Climate change’s impact on SWFL insects

Reporter: Elizabeth Biro Writer: Paul Dolan
Published: Updated:

The pace of global heating is forcing insect populations to move and adapt while some aggressive species are thriving.

Insects are thriving, but some in different ways than others. Just like anything, there are winners and losers. The losers, in this case, are the insects that can’t take the heat or other factors like excessive drought or excessive rainfall, while the winners are the pests that nobody wants to see thriving.

Mosquitoes are considered the deadliest animal on earth by the number of people killed. In freezing temperatures, they struggle and their eggs die off. On a warming Earth, they thrive, conquering new areas, growing faster and living longer.

WINK News spoke with Dr. Joyce Fassbender, an entomologist at Florida Gulf Coast University, about what’s happening with the insects.

“As it warms, the insects that can’t handle that warmth are going to move to other areas,” said Dr. Fassbender. “Unfortunately, this includes a lot of our pest species like our mosquitoes, so as it warms the areas that normally get mosquitoes a month or two out of the year are going to start seeing them longer and longer periods of time.”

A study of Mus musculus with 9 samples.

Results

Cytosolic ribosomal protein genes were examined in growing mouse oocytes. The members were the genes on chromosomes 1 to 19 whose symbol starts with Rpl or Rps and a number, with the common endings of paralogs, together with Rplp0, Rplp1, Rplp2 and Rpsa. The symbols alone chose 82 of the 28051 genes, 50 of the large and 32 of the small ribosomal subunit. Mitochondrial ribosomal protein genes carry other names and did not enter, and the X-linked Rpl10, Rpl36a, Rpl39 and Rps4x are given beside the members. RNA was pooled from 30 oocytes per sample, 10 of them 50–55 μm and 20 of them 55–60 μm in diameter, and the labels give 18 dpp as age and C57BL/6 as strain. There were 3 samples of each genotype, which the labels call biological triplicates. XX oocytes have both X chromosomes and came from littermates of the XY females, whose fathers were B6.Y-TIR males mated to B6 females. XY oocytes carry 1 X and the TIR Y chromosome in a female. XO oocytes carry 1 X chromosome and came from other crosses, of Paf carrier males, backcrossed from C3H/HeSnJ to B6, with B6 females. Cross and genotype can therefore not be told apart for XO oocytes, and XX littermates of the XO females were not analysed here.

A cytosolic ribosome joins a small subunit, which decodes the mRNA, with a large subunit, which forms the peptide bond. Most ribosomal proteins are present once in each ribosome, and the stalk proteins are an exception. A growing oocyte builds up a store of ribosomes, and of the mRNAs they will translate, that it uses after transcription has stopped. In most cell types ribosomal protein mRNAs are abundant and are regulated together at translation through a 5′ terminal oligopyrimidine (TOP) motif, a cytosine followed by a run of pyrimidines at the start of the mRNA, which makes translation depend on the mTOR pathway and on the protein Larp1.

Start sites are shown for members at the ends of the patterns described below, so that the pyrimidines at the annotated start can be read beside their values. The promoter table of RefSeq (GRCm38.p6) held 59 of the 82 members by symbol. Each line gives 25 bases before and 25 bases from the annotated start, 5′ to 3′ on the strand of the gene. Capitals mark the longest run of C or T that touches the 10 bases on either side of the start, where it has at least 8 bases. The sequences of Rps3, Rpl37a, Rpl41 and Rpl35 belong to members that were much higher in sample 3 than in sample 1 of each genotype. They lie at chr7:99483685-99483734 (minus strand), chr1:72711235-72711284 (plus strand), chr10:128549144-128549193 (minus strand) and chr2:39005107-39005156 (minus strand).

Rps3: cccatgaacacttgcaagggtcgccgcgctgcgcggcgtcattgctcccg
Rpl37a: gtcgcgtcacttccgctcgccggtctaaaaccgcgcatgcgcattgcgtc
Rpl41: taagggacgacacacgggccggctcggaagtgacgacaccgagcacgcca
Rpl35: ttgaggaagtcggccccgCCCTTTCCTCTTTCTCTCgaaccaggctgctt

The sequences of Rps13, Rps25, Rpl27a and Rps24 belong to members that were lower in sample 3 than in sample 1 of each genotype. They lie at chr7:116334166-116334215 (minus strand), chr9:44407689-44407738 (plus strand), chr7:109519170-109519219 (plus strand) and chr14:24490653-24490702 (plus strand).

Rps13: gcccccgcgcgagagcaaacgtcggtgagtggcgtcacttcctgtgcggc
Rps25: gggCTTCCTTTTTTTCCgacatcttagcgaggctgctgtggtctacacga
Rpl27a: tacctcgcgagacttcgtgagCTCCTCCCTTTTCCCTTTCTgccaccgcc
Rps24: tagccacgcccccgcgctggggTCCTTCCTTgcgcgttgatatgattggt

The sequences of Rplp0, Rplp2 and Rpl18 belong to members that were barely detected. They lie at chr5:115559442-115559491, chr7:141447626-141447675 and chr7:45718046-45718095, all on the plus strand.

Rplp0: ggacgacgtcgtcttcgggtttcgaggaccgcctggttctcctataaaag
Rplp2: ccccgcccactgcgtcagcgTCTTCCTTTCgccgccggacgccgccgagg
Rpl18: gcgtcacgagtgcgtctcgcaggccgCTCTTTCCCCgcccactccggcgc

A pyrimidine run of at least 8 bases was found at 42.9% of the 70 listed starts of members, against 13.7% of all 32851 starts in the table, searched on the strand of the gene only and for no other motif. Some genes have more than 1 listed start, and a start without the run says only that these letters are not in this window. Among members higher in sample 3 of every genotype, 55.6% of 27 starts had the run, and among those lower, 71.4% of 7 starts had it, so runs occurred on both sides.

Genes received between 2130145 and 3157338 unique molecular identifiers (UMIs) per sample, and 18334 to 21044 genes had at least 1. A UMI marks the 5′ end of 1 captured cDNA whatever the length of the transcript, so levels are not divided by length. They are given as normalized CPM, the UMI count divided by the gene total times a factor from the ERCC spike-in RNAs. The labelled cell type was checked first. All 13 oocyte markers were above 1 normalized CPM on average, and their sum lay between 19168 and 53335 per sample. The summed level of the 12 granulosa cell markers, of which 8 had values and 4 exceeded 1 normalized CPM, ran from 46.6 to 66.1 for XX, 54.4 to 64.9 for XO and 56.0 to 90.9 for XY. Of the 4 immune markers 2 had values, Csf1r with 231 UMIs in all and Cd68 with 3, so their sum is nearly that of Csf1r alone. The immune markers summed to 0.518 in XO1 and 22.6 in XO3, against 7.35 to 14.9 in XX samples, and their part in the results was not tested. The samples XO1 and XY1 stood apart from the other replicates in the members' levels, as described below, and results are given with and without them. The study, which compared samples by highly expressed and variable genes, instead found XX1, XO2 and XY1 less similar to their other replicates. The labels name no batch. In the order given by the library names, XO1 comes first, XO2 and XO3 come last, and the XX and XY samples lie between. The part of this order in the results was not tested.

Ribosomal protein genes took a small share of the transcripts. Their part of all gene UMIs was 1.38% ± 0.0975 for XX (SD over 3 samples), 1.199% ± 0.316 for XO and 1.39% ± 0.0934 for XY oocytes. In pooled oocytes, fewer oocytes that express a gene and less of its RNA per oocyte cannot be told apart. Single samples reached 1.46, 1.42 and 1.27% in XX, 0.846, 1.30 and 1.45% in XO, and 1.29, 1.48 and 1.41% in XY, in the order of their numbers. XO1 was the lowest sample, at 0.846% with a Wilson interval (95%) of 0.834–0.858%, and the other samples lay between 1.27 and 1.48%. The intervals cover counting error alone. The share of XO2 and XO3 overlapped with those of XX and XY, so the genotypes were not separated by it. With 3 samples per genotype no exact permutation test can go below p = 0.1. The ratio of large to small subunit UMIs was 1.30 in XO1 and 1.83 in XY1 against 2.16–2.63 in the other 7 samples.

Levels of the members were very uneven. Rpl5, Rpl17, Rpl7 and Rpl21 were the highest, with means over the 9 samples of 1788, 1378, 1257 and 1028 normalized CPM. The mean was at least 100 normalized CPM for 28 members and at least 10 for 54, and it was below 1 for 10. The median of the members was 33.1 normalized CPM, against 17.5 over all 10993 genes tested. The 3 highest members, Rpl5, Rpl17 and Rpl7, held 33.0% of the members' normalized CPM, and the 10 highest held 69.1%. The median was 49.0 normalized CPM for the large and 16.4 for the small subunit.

Fassbender knows an unbalanced insect world at the hands of climate change is a dangerous one.

“At three degrees over historical norm, we’re going to lose about 50%,” said Dr. Fassbender. “At about two degrees, two and a half degrees over [the] norm, we’re going to lose around 25 to 30%. Even if we make it to one and a half, it’s still going to be at least six to 10%.”

The big concern is for the pollinators that call Southwest Florida home because those population numbers are declining.

“Eighty percent of flowering plants are pollinated by insects,” said Fassbender.

Most of the crops that we eat require those insects, and some of them just can’t take the heat. Others need colder environments to complete their life cycle. If they can, we will start to see them move.

“These often rely on plants that may not be there for them in that area, so it can mean significant decreases to extinction for certain populations because of it,” said Fassbender.

Fassbender said the sad fact is most species aren’t flexible to moving. Rather, they’re specialized and adapted to where they live.

You may not care about a rare moth in the Himalayas disappearing and never coming back. However, losing our pollinators or having to deal with mosquitos year-round is an alarming thought for Fassbender.